4 Jan 2022
Lisa Shalett – Chief Investment Officer, Wealth Management
The U.S. stock market has rewarded passive investors handsomely in recent years, but that could soon change. Here’s how to navigate today’s more challenging investment landscape.
Over the past 13 years, we’ve seen a stretch of remarkable returns for stocks, marked by the dominance of U.S. mega-cap companies. From 2009-2018, U.S. equities compounded at nearly 15% a year, twice the long-run average. Performance kicked into even higher gear in the past three years, with stocks rising by more than 20% per year on average—all despite the pandemic and its effects on the economy.Manage your Wealth
As a new year begins, however, we think passive investors face tougher sledding. For one, better-than-expected economic growth and persistent inflation will likely cause the Federal Reserve to raise the fed funds rate, which could unmoor real rates from historic negative lows and prompt market volatility. Granted, the Fed’s recent announcement that it will wind down its asset-purchase program more quickly so far hasn’t done much to change market direction, with rates still near record lows and stocks capping 2021 with 70 record highs (the most since 1995, which saw 77 highs).
But this benign reaction likely stems from overwhelming liquidity in the markets and year-end technical positioning—factors we expect will fade this year. In addition, higher costs for labor, energy and logistics will likely continue to weigh on corporate profits.
Other issues that could make 2022 a more challenging investing landscape:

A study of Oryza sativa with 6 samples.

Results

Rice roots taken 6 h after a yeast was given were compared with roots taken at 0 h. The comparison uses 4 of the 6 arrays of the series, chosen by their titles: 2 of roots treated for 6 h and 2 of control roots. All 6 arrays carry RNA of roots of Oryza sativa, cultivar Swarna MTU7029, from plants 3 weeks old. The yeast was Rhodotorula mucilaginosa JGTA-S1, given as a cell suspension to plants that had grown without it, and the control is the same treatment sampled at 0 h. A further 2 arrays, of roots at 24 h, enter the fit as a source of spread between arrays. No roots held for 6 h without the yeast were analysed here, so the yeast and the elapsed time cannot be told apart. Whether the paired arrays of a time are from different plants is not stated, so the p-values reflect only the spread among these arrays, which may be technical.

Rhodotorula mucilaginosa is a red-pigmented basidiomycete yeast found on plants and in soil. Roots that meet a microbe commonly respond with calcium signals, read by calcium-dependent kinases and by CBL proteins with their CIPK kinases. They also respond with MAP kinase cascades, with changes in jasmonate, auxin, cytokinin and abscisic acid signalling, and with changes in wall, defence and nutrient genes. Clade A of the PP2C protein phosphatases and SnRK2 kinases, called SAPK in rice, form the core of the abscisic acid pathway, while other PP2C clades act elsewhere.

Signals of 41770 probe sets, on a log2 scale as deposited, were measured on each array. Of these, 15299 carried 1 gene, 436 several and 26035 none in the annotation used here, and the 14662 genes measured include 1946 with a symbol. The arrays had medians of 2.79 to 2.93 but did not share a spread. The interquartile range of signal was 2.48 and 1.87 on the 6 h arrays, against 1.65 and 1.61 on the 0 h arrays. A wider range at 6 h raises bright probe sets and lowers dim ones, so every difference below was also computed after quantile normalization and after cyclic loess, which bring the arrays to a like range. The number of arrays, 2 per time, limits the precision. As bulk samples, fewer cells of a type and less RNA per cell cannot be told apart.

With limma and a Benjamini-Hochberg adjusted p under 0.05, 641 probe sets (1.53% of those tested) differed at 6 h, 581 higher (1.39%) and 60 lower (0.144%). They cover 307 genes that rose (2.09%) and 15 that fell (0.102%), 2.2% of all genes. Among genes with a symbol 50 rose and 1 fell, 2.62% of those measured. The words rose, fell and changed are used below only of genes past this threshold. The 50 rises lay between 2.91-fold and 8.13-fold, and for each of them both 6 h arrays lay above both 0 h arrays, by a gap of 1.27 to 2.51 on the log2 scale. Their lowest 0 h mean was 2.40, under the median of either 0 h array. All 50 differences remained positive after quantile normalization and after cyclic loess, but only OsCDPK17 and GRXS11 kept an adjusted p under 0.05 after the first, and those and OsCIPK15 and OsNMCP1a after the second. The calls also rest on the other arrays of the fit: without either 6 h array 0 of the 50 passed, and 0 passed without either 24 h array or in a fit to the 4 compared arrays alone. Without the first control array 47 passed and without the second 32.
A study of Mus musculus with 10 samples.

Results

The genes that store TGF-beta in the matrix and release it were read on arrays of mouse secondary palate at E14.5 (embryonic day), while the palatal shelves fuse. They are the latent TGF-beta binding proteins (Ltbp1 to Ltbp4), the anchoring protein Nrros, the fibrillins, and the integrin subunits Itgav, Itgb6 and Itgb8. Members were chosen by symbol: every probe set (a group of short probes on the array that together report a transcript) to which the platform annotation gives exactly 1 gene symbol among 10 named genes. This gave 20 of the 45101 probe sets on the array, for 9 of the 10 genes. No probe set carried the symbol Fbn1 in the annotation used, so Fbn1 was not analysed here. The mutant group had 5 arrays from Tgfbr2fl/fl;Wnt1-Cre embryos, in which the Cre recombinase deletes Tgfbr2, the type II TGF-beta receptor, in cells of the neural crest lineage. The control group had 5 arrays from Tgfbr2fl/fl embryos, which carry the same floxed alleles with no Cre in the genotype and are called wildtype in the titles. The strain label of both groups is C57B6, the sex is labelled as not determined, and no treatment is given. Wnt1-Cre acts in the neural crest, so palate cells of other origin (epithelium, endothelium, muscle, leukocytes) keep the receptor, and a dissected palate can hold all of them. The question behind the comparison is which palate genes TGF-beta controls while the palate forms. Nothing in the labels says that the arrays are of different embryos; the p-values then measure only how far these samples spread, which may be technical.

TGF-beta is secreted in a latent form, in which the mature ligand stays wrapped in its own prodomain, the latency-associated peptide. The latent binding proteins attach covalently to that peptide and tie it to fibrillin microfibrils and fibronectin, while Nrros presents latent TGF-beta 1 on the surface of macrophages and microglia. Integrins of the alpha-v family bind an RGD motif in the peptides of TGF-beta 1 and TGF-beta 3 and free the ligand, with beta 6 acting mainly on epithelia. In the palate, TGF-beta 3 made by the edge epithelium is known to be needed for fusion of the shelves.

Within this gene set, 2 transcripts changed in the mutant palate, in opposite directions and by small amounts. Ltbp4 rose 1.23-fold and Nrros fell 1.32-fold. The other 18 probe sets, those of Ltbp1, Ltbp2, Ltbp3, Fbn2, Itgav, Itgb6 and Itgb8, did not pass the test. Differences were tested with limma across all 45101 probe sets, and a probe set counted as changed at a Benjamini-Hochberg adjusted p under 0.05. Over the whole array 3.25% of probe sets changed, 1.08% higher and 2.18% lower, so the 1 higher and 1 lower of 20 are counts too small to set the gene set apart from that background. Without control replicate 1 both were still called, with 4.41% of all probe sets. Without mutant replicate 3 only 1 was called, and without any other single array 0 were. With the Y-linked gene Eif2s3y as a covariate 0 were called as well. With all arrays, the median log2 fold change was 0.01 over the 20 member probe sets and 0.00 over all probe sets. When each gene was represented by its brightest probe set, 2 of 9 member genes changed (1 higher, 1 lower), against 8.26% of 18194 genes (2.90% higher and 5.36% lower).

- The struggling Build Back Better Act: While many believe that Congress will pass a version of these education, healthcare and climate initiatives ahead of the 2022 midterm elections, timing matters. Ambiguity around stimulus extensions, such as child tax credits, could fuel concerns about a “fiscal cliff” just as the Fed is poised to make its first interest-rate hike at mid-year. That could compound the effects on consumers of tightening financial conditions.
- The relative weakening of the U.S. dollar: The strength of the dollar, which appreciated about 6% in 2021, has reinforced current market trends both by attracting foreign cashflows to Treasuries and sheltering the U.S. economy from import inflation. But this could reverse if non-U.S. markets—particularly China, Japan and Europe—experience a better-than-expected recovery. The Treasury market could see outflows against a backdrop of persistent inflation and lessening liquidity.
- The outsized impact of mega-cap concentration on volatility: The S&P 500 has come to be dominated by a handful of mega-cap technology stocks, with the biggest seven accounting for nearly a third of the overall market cap and driving index-level returns—a phenomenon that creates extreme concentration risk for investors with significant exposure to such passive indices. With federal regulators and global tax policymakers taking a hard look at these companies, new oversight could have ripple effects on markets.
In short, the easy returns have been made, and these developments could mean increased complexity in markets and a greater need for active portfolio management. Investors should consider neutralizing extreme and concentrated positions while striving for diversification. We suggest balancing income generation and price appreciation, with a focus on quality and dividend stocks.